Why is Change so Damn Hard?

February 25, 2019

 

 

A couple of nights ago I was watching the movie The Shawshank Redemption starring Tim Robbins and Morgan Freeman. It had been many years since I had last seen it and I realized there was a lesson in the movie that I didn’t notice the first time I saw it. The movie is told through Morgan Freeman’s character’s (Red) eyes and portrays his experience of serving a lifetime prison sentence. Toward the end of the film, Red, now in his sixties, is released on parole after being in prison since he was a teenager.

 

One scene in particular depicts his experience of his new life outside of prison. From an observer’s point of view, Red is a free man. He is no longer behind bars and no longer has to deal with the restrictions, monotony and violence of prison life. Red works as a bagger at a local grocery store and lives in a modest apartment. However, internally Red is filled with anxiety and dread. He is so uncertain about how to manage in life outside of prison that he contemplates what he can do to return to return to prison. He considers intentionally committing a crime to violate his parole and go back to jail. He even thinks about taking his own life as a way of escaping the crippling fear he is experiencing.

 

When I first watched the movie years ago, I thought to myself “Why can’t he just enjoy his freedom? What the hell is he thinking?” I struggled to understand why he would want to return to prison and lose his freedom. It then dawned on me that he had been in prison for over 40 years, the vast majority of his life. And then I realized that this extreme experience of freedom after decades of imprisonment is not much different than the human experience in general. We are addicted to what is familiar- we cling to what we know- even if it does not serve us, even if it results in misery, illness and even death.

 

We can be consciously making the most positive change in our health, relationship or finances and it is likely to result in uncertainty and fear and cause us to retreat back to what we know- our old way of being. Why is it that most New Year’s resolutions, diets, exercise programs, and changes we want to make in our life don’t succeed? It is not because we are lazy, worthless or inferior but rather we simply don’t understand the nature of change. We lack an understanding of how our nervous system was designed- with survival in mind. This is the great paradox of change. If we try to change all at once, our nervous system will freak out and we will experience a degree of panic, anxiety and fear. Our body operates on the principle of homeostasis so that we can stay alive. By introducing a radical change, we are unknowingly telling our unconscious mind and our nervous system that we are in danger- even if the change we are intending is healthy and productive.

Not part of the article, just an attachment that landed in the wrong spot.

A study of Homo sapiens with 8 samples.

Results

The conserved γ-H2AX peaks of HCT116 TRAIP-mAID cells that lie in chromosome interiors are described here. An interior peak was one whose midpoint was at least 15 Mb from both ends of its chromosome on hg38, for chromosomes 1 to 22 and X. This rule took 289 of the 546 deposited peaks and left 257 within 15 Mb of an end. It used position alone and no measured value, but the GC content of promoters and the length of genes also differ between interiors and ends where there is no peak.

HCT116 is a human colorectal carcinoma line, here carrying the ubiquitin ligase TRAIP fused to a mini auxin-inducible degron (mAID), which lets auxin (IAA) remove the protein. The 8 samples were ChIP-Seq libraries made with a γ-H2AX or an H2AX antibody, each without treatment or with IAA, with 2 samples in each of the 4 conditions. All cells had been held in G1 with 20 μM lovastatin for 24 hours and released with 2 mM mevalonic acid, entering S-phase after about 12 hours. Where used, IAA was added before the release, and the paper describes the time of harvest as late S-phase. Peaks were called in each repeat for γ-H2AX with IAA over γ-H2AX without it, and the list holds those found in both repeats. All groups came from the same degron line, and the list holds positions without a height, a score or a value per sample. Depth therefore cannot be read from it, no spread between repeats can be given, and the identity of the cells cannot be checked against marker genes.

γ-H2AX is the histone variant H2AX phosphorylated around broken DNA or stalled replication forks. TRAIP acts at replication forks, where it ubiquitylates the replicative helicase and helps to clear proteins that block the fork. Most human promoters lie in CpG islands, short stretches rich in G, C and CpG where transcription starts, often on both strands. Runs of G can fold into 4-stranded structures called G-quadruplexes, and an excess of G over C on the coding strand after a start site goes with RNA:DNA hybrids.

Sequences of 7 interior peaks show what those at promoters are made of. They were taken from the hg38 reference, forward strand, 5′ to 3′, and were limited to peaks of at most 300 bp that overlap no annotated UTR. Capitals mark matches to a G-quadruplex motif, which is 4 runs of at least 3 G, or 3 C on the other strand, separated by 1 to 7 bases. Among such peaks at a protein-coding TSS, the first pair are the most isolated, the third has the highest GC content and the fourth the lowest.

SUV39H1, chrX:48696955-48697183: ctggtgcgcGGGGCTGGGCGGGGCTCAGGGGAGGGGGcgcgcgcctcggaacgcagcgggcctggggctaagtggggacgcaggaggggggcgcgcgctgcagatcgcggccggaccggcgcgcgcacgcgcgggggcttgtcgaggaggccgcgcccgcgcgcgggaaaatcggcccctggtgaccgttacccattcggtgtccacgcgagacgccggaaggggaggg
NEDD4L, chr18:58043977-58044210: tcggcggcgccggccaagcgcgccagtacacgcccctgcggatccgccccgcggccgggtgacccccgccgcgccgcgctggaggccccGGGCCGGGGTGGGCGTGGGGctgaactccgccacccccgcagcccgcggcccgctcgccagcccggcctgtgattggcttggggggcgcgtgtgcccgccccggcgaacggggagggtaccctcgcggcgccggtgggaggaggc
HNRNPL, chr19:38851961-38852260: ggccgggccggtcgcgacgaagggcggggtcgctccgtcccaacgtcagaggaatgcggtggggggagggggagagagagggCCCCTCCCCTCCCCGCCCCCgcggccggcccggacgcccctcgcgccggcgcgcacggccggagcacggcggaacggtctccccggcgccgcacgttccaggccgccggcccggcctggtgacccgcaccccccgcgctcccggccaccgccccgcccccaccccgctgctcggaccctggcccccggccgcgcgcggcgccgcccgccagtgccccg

Therefore it is essential to introduce change very slowly, so we can gradually become familiar with what is unfamiliar. As it is poetically stated in The Shawshank Redemption, “all it requires pressure and time”. In this case, time is the gradual exposure to something new, something unfamiliar, until it becomes familiar. Pressure is the emotional intensity of our learning- rooted in our experience, emotions and behavior. While our conscious minds can theorize and imagine the drastic change we want in a matter of seconds, our bodies and unconscious mind must learn through experience, time and adaptation. I can read every book on how to play basketball, but until I get out on the court and have the experience of dribbling, passing and shooting, it will only be a good idea in my head. Change is tied to our experience, not our intellect.

 

Learning is a slow process. It requires compassion for one’s self, understanding, patience and humility. It is not immediate nor is it a straight path. It requires the ability to manage discomfort and uncertainty. It demands the resolve to bounce back when things don’t work the way we want or expect them to.

Author Portia Nelson wonderfully conveys this in a poem she wrote. When challenged to write her autobiography in five short chapters, she came up with the following:

 

Chapter 1: I walk down the street. There is a deep hole in the sidewalk. I fall in. I am lost. I am helpless. It isn't my fault. It takes forever to find a way out.

 

Chapter 2: I walk down the same street. There is a deep hole in the sidewalk. I pretend I don't see it. I fall in again. I can't believe I'm in the same place, but it's still not my fault. It still takes a long time getting out.

 

Chapter 3: I walk down the street. There is a deep hole in the sidewalk. I see it is there, but I still fall in. It's a habit. My eyes are open. I know where I am. It is my fault. I get out immediately.

 

Chapter 4: I walk down the same street. There is a deep hole in the sidewalk. I walk around it.

 

Chapter 5: I walk down a different street.